Last July, Karen Hobbs served as the UK’s first ever Deaf juror (who is a BSL user) in the Crown Court. This was due to the new legislation in June 2022 to allow Registered BSL/English Interpreters into the deliberation room.
History was made again last week when NRCPD registrants Kirsty Last and Lisa Guildford became one of the UK’s first Lipspeakers in the deliberation room. This came after a barrister for the court case contacted Lesley Weatherson, a NRCPD registered Lipspeaker, for advice regarding the possible booking of Lipspeakers in court.
The barrister needed advice on the current legislation because Lipspeakers, Speech to Text Reporters, Notetakers and Interpreters for Deafblind People are still not allowed in the deliberation room with a deaf juror. The law as it stands unfortunately only allows sign language interpreters in the deliberation room with a deaf juror.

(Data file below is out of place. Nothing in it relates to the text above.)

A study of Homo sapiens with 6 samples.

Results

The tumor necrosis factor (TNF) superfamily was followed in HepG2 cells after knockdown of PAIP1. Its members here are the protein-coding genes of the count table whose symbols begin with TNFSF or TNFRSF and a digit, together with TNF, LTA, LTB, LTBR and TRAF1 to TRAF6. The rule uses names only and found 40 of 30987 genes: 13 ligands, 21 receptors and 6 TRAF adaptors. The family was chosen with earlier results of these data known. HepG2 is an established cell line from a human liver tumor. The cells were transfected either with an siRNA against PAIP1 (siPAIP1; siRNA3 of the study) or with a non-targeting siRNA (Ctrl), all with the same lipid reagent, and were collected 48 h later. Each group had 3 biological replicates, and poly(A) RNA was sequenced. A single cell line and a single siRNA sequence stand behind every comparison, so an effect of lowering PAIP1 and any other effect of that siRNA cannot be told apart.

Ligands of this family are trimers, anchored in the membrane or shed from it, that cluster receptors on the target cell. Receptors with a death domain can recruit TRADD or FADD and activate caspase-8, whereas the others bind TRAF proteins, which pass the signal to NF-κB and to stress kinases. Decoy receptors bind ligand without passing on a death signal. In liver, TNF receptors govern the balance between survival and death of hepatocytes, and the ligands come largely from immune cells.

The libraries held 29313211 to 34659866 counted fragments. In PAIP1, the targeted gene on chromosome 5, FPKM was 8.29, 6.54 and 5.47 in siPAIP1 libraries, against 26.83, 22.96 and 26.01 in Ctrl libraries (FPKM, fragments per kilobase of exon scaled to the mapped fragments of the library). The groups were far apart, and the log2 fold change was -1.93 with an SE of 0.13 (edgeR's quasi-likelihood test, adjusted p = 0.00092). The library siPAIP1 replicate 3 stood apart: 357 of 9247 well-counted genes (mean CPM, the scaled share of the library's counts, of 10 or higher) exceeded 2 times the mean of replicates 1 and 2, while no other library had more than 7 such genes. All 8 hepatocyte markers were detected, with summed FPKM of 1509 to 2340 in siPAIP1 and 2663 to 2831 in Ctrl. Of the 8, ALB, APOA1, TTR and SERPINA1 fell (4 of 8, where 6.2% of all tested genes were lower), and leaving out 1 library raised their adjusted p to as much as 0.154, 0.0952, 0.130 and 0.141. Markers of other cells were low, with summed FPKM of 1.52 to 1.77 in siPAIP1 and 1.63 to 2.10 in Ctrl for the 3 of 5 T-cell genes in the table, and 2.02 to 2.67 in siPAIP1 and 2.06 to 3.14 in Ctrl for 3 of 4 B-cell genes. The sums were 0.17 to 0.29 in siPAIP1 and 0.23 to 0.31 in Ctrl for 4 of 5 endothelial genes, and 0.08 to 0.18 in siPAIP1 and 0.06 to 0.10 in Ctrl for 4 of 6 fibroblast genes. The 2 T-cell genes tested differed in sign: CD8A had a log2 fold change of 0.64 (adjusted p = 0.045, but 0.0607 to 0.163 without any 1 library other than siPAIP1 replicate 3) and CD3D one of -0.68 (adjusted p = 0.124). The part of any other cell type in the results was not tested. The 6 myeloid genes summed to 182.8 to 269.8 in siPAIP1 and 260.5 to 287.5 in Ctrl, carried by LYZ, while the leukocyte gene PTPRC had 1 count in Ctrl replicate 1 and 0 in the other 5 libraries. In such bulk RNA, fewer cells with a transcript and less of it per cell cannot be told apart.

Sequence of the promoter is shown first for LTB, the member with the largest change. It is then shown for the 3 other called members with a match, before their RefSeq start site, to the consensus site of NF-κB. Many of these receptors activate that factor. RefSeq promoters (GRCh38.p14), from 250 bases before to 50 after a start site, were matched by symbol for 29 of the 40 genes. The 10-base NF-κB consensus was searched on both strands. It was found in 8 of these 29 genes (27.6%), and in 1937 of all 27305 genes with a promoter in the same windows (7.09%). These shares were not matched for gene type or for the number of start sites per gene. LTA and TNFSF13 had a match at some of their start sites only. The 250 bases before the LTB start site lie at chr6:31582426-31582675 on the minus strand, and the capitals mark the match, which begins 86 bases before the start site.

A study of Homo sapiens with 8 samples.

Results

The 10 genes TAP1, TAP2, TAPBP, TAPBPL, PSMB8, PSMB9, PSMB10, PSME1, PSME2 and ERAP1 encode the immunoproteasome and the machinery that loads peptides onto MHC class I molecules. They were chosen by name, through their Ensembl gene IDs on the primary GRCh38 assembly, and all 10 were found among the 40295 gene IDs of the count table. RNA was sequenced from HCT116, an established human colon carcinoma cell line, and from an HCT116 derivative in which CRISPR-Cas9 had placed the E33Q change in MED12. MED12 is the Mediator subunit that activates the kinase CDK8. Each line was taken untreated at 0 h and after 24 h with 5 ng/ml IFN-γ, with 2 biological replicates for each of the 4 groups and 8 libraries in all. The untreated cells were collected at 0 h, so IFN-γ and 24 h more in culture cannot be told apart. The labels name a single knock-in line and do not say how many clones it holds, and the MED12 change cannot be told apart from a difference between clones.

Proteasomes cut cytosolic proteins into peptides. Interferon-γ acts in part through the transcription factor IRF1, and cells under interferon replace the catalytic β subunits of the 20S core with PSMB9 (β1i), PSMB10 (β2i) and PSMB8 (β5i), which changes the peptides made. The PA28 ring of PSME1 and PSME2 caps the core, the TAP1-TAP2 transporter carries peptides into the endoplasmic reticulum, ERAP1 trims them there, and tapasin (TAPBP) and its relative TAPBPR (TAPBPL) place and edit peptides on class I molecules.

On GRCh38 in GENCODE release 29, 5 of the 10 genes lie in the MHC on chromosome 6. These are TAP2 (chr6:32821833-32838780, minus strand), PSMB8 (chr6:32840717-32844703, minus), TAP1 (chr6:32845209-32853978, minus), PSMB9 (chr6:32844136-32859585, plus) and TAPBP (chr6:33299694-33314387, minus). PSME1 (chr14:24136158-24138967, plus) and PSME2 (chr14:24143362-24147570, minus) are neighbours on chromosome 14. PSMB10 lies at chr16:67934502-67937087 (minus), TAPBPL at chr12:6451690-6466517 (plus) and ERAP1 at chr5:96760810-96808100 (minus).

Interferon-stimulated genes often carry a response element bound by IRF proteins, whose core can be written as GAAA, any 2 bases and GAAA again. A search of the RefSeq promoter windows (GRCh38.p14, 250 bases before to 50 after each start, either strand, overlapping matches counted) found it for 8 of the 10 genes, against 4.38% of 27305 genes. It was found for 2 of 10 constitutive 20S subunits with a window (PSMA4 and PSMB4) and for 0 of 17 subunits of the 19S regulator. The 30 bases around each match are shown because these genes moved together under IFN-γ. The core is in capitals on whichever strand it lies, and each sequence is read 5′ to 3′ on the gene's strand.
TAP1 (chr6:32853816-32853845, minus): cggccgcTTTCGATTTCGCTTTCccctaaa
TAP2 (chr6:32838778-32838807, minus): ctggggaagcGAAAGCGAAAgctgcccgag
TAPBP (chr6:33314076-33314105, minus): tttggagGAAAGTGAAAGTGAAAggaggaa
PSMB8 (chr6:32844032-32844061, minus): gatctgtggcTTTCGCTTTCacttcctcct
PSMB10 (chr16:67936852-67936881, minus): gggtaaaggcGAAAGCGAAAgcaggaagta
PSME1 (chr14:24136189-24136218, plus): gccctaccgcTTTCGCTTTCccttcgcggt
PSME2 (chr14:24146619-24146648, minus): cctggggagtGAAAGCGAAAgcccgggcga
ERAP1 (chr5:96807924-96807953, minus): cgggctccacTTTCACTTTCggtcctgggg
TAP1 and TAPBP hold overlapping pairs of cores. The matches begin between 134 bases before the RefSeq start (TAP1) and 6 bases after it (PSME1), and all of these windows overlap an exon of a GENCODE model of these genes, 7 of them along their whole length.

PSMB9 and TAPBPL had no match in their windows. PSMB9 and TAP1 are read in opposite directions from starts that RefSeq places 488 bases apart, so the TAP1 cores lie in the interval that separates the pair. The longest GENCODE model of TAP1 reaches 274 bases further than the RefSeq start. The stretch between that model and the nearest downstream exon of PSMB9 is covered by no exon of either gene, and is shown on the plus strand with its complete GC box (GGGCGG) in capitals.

However in this case, the barrister took the advice and information that Lesley Weatherson supplied about the Equality Act 2010 and the BSL Act 2022 to the Judge for the court case. The judge then made a ruling for this court case that Lipspeakers should be booked.
Kirsty Last adds: “the law needs to realise that it’s not a one-size fits all with deaf communication. Not all deaf people sign as we know and actually a very high number do lipread.”
All NRCPD registered professionals follow a code of Conduct and work to a strict code of confidentiality. This means that the integrity of the deliberations will not be compromised by having them in the room with the jurors.